Political Tribalism

I am a life member of the League of Women Voters.  I organized the Clemson (SC) League in 1968 and currently serve as state co-president. So this blog reflects that particular tribe in which I am proud to claim membership.

It is human nature to identify with a tribe, whether that tribe’s base is ethnicity, religion, occupation, geography, income, politics, shared interests, or even sports teams.  (My native New England remains sharply divided even within families between Yankees and Red Sox loyalists.)  Most of us belong to multiple tribes, some overlapping more than others. Bonding with our tribes is part of how we develop our own identity and self-understanding.  But to make democracy work, we have to not only bond but also bridge—to communicate across tribal lines to others who perceive the world differently from the purview of their tribal identities.

Over the last few decades, aided and abetted by the proliferation of social media that cater to defined tribes, our civil society has degenerated into tribalism, hiding behind our barricades and shouting over the ramparts.  Theologian Paul Tillich defines neurosis as “retreating to a limited defensible fortress of ideas.”  By that definition, we are an increasingly neurotic society.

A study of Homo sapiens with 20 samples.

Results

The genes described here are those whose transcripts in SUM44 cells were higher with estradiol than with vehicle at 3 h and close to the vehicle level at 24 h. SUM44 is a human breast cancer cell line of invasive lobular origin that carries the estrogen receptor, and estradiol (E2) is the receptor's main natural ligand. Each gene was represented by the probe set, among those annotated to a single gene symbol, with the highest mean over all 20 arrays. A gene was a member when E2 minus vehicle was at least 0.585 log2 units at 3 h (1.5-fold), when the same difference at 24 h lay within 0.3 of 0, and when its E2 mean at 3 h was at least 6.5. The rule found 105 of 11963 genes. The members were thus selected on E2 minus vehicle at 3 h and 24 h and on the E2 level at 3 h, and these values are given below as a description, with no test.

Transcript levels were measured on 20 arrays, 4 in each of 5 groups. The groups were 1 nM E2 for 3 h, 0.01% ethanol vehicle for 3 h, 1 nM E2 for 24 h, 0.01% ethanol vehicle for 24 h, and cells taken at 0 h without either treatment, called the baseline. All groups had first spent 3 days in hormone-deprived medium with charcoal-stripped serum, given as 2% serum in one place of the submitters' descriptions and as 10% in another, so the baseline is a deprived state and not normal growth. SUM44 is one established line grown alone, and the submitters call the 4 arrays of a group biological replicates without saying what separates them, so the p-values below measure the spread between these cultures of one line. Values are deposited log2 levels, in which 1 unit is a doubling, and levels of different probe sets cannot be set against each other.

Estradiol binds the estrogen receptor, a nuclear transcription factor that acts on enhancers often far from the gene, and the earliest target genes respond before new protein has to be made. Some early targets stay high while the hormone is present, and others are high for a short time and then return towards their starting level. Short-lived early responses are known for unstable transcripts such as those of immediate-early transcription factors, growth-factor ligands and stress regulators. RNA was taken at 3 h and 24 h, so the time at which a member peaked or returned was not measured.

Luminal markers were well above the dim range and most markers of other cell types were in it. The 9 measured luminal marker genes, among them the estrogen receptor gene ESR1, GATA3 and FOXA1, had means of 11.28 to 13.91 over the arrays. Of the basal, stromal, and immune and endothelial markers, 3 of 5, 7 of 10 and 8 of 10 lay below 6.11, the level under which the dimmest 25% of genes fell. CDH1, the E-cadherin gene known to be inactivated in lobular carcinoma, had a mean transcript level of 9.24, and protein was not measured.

The League of Women Voters, committed to nonpartisanship, has had to learn to operate outside or across many tribal divisions. So we have a contribution to make not only to a vibrant democracy but perhaps to our collective mental health as well.  In voter service, we encourage everyone to participate in the political process, whether they share our hopes for the outcome or not.  We invite dialogue at candidate forms and insist that every candidate be treated with respect. In advocating with public officials, we seek common ground in trying to identify the public good and how we might best achieve it. In a world of yes/no, either/or, we stand for compromise, for that fundamental principle of public policy that the best is often the enemy of the good (or the good enough, or the good enough for now, or a move in the right direction.) It took 72 long years for our foremothers to win the right to vote, but they persisted. Compromise is not a  four-letter word.  It is the essence of being able to live together in spite of differences, whether it is in a family, a workplace, a neighborhood, a city, state or nation.

So as we move into the fray of electoral politics, remember that our task is, as Rudyard Kipling said, to keep our heads when all of those around us are losing theirs and blaming it on you (or us). As we begin our next century of serving the public interest and rising above our tribal allegiances, let us be mindful in this year of the centennial of the 19th amendment, we are in it for the long haul.